When Wizarding Goes Wrong

It was another day… probably.

Helbert opened his other eye as much as he could. The other eye confirmed it was morning.

He’d survived the night, which was something of a relief.

Unless this was the afterlife.

Helbert lifted his head further from the pillow. Once his eyes got the hang of focussing properly again, he looked around.

Unless the afterlife was a perfect simulacrum of his mortal existence then yes, he was still alive. Not that the theory meant much. Helbert had slept though most of his theology lectures at the University, but he wouldn’t put it past the gods to do something pointlessly malevolent. Something like make the afterlife a perfect replica of mortal existence for some cunning, devious and needlessly cruel eternal torment. They liked doing things like making mortals push rocks about forever for no reason, do endless never ending housework or have their eternally regenerating giblets feasted upon by various wild animals.

Anyway, Helbert needed to get out of bed. Although, out of all the available options he quite fancied dying in bed. But only when he was not much older and not by being torn apart limb from limb and having his soul eaten by some hell-spawned demon.

The book was still there, spread out face down. It was probably even open at the spell page where he’d dropped it the night before when he’d blown out his candle and dived under the covers. He looked down at his hands, twisting them around in front of his face in the grey dawn light.

He was not even a fully-qualified wizard yet. He was many years away from getting his scroll and the official Wizarding pointy hat and staff.

Apparently, even fully-qualified and completely paid-up wizards had trouble summoning demons. There were tales told in the inns and brothels around the university about what happened when wizarding went wrong, especially when it came to summoning demons.

Perhaps he’d dreamt it.

That Siluvrian wine was quite strong, after all.

He remembered he’d drunk too much of it. Then he’d been thrown out of Madame Genna’s House for making improper suggestions to one of her girls.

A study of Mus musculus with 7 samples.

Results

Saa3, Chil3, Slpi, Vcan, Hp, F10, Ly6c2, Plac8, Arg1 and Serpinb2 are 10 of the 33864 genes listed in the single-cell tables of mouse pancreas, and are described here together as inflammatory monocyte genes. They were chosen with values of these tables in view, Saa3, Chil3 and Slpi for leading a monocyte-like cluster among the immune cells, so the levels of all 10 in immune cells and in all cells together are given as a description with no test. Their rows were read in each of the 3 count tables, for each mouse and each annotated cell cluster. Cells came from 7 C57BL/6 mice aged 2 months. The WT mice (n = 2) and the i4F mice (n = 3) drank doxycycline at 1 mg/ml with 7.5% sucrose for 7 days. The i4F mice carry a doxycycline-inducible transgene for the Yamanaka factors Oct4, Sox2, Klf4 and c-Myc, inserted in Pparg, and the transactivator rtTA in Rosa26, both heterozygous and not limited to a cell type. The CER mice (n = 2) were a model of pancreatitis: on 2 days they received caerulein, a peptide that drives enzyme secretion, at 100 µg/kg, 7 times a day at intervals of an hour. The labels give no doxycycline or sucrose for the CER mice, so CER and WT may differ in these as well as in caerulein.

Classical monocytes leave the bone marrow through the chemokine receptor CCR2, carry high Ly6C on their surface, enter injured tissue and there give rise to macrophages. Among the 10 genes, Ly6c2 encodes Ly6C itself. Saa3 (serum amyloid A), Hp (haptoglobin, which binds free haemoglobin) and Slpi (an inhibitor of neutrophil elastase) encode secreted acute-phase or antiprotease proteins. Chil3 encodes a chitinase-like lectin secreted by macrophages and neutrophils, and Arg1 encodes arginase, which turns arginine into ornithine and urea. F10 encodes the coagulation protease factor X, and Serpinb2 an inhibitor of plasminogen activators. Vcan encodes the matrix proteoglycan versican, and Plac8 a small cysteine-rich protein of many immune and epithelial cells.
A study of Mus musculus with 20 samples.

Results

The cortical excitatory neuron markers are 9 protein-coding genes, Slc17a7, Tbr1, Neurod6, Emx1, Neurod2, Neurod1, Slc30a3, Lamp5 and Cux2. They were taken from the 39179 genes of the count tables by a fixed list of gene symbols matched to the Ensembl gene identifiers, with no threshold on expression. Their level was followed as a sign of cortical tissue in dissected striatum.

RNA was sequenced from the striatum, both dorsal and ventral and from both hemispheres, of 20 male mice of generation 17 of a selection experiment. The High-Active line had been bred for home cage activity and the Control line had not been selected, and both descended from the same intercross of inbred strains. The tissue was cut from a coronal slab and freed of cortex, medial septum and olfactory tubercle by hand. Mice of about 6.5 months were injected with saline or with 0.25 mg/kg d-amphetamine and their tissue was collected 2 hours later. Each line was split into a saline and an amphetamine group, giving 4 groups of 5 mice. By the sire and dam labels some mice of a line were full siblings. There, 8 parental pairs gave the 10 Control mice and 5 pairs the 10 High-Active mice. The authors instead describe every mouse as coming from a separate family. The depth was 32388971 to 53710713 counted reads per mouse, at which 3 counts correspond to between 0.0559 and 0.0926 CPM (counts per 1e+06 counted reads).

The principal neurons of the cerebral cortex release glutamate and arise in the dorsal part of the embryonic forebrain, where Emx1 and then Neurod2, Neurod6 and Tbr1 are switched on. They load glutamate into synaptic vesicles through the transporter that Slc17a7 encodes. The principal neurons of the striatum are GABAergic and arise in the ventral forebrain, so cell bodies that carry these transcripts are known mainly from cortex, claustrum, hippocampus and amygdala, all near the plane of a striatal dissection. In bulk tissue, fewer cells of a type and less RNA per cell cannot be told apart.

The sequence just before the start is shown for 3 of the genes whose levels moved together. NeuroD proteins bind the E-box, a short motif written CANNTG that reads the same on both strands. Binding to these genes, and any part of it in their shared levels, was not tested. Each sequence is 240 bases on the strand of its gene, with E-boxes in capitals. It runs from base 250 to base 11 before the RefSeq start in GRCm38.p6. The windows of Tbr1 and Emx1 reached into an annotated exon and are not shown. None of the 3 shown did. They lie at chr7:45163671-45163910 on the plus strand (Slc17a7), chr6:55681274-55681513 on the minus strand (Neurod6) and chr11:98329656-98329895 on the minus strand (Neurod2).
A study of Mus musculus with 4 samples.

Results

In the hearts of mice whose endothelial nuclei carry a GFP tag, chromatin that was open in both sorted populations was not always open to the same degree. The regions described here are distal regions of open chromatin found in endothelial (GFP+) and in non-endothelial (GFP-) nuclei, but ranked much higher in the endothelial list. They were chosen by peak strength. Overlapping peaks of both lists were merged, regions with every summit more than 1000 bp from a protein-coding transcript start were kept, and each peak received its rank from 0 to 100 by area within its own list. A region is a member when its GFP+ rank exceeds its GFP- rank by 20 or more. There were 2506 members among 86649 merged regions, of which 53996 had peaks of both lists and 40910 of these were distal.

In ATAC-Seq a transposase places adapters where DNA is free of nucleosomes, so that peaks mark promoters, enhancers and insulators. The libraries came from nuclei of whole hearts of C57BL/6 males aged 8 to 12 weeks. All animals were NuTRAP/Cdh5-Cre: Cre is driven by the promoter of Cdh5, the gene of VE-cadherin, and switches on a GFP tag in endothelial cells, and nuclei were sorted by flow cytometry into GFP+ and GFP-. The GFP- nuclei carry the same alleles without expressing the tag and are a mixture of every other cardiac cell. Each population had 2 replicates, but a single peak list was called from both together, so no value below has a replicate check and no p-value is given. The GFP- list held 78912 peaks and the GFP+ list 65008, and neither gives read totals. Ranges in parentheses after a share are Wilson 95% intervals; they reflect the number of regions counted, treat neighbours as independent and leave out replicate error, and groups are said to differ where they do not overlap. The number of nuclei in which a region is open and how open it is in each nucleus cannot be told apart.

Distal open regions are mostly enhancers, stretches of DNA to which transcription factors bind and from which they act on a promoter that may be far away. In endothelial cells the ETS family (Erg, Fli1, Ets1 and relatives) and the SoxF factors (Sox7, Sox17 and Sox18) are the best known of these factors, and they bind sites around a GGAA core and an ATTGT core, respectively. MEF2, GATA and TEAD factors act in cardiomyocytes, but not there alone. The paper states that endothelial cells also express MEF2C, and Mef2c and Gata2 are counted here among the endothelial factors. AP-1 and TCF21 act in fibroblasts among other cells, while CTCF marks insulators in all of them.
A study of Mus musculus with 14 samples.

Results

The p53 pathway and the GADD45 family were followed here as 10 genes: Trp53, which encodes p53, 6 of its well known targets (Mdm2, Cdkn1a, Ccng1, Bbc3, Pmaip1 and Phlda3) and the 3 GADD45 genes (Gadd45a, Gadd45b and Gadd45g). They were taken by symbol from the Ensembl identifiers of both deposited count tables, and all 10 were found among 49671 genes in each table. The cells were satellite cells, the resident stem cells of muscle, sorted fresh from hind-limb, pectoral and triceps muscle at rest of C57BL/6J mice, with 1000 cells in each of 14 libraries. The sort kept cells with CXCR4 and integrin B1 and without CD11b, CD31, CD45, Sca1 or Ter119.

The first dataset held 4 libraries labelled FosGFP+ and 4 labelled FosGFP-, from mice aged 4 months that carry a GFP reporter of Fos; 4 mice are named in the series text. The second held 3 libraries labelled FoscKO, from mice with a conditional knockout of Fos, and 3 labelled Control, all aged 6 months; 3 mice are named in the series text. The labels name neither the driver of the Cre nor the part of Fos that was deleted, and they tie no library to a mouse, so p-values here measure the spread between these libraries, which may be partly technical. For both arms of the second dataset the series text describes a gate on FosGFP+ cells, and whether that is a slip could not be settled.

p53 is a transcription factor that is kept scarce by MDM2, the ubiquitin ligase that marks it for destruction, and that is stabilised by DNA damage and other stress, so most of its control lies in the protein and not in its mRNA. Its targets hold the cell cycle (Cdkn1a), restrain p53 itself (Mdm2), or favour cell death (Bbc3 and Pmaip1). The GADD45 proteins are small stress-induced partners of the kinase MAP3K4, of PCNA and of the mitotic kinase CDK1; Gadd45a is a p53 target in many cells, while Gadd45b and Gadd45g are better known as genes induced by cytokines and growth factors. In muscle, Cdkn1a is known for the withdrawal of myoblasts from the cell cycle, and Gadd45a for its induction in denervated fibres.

He remembered the girl in tears and the other – mostly undressed – girls gathered around comforting her as they started and glared at him, muttering curses under their breaths. Grunt, Madame Genna’s doorman, standing thwacking a cudgel the size of a tree trunk into his palm in a rather pointed manner as he too stared at Helbert.

He couldn’t remember what he’d said to the girl. All he membered was that, before he’d nipped around there for a quiet drink before bed, he’d been reading that book.

He stared down at that book lying on the floor now. Old, tattered, its leather binding and cover scuffed and worn. It didn’t look like much of a book, but ever since he’d found it in the bottom of a box at the back of the second-hand bookstore, strange things had been happening to him and around him.

He looked up and his jaw dropped open.

There was writing on the wall, in what looked like dripping red blood. Now Helbert realised, it smelt like blood too.

Helbert didn’t know what it said. He had never learnt the language of demons. But unearthly symbols written on a wall in still dripping blood, he knew, meant it wasn’t going to be anything good.

Then he heard the shouts and the thudding footsteps on the stairs, and the rattle of armour and unsheathed weapons.

He knew that the watch were coming for him. But – much like the night before in Madame Genna’s – Helbert had no idea what it was he’d done.